After yet another loss (the latest one to the Denver Nuggets), the now 3-12 Knicks are struggling, and there appears to be no clear end to all of the suffering in sight.
New York is sinking rather quickly, but there isn't a clear cut person to blame. The fact of the matter is that fingers can be pointed in any which direction. It's no one person's fault. Still, with that in mind, let's take this opportunity to examine the struggles of J.R. Smith, as it relates to the Knicks' sinking ship.
Perhaps the most glaring of players who haven't hit their mark just yet this season, Smith's impact (or lack there of, in fact) is becoming an elephant in the room for his team.
Entering the season, Smith had plenty of pressure on his shoulders with various question facing him in the year ahead. Would he be able to duplicate some of that same success that helped him win the NBA's Sixth Man of the Year award? Would he come into training camp and/or the regular season out of shape following his rehab from surgery? Will the swingman eventually get his head right, after a combination of off and on the court antics have resulted in a suspension of six games, dating back to last postseason?
So many questions can certainly prove to be a hinderance for any player. Still, it's undeniable that Smith has lost any trace of efficiency (not that shooting percentage was ever one of his strengths), and/or clutch genes he owned coming into the year.
But all of the aforementioned issues aside, there's one thing that hasn't been mentioned much when considering the causes of Smith's recent struggles: the presence of Andrea Bargnani.
Let me start by saying that I'm a supporter of Bargnani overall. He's effective most times, efficient some, and is able to provide the Knicks with a more consistent bonafide second scorer on a given night, though he never solves the team's need for more rebounds. Still, when all things are considered, Bargnani is a valuable asset, and not simply because of his contract.
But the question as to whether Smith can be just as effective with Bargnani in town still remains. As mentioned, the big man has developed (if for no reason other than simply by default) into sort of a secondary go-to-guy for the Knicks. Regardless of whether Smith was on the court or not (dating back to his suspension earlier this season), Bargnani has always been known for his scoring, so it's only beneficial for the Knicks to utilize him for such a skill.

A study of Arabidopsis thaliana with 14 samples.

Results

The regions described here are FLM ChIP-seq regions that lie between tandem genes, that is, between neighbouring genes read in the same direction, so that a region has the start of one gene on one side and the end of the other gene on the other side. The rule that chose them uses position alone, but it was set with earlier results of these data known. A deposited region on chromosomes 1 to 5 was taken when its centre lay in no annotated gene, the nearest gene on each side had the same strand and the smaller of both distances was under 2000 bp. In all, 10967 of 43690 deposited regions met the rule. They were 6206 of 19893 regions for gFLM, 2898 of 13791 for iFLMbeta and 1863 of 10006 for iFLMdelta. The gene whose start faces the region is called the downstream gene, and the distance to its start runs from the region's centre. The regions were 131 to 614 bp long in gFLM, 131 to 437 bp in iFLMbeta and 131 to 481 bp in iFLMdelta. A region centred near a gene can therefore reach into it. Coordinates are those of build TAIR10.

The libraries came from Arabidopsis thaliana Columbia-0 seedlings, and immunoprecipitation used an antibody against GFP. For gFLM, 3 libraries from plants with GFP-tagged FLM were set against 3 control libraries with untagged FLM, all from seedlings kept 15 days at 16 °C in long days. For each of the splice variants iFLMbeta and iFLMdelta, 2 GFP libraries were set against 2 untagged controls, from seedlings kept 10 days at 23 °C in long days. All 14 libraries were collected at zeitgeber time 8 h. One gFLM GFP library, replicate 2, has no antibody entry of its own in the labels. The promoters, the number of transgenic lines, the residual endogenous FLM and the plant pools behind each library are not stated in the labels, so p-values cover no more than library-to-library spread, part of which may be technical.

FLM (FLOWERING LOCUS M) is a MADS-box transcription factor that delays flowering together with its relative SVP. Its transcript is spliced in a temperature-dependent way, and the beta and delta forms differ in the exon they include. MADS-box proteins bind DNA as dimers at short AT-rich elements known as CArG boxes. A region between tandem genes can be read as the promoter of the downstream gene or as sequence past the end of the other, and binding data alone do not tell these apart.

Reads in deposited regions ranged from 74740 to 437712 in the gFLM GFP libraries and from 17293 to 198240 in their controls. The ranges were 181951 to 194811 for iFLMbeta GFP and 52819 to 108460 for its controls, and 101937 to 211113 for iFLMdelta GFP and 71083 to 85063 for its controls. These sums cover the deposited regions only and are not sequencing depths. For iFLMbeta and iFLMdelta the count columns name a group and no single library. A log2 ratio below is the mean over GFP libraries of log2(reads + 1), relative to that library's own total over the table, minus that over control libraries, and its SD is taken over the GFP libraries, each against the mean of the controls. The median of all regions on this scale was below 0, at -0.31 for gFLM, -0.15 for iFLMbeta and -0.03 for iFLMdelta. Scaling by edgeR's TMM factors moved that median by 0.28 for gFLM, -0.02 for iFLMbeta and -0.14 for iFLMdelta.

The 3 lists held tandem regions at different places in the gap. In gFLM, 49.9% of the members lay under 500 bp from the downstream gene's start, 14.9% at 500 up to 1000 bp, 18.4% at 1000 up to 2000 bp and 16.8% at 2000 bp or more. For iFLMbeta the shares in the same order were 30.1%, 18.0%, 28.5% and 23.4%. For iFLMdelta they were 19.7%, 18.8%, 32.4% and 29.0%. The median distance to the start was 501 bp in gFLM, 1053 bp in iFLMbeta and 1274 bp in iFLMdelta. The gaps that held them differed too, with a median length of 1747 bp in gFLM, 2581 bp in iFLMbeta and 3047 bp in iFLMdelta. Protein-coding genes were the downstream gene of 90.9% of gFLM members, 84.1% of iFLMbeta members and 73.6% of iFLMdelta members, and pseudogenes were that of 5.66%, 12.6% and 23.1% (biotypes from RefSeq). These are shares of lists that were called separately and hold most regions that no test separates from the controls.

In doing so, however, New York is taking the focus off of Smith a bit offensively. They're taking the ball out of his hands, quite literally speaking. What's more, though the Knicks have struggled a bit as of late with ball movement, such a crucial wrinkle in the team's offense remains a priority.
Thus, with making the extra pass standing tall as a key necessity, running isolations plays has taken a backseat. Only when the shots are not falling for other players has Carmelo Anthony had to literally take the team on his back and carry the scoring load like he had to at times last season. He's the team's star, but even the struggling Coach Mike Woodson recognizes that his team has other worthwhile offensive options as well. There's no need for Anthony to hog the ball.
There's no need for Anthony to do it, so clearly, there's no need for Smith to do it, either. Running less isolation plays and attempting to make that extra "hockey assist" at all times has resulted in Smith getting fewer and fewer looks. There are plenty of fans who arguably wouldn't complain about that, but it's still making the swingman less effective in the process.
Smith needs the ball to get things going and develop a rhythm offensively. Coach Woodson may still be trusting his veteran with plenty of playing time, but such minutes will prove to be useless (with regard to getting Smith going again) if he doesn't allow the offense to run through Smith more often.
Clearly, whether or not that's ultimately beneficial for the team is debatable. Still, that appears to be what he needs. Smith hasn't exactly been given the green light, but much of that (indirectly, perhaps) has to do with Bargnani being on the floor and the Knicks trusting him as a secondary option instead. In relying on the Italian Stallion a bit more, New York obviously isn't forced to run as many isolations plays. It's easier to get Bargnani better looks than Smith, mostly because such looks come within the flow of the offense, whereas getting good looks for Smith ultimately means slowing things down.
Thus, Smith is struggling. His inability to get things going has resulted in the Knicks' continued woes, simply because not being able to rely on him consistently has caused the team to change things up and not play the brand of basketball that proved to be successful for them last season.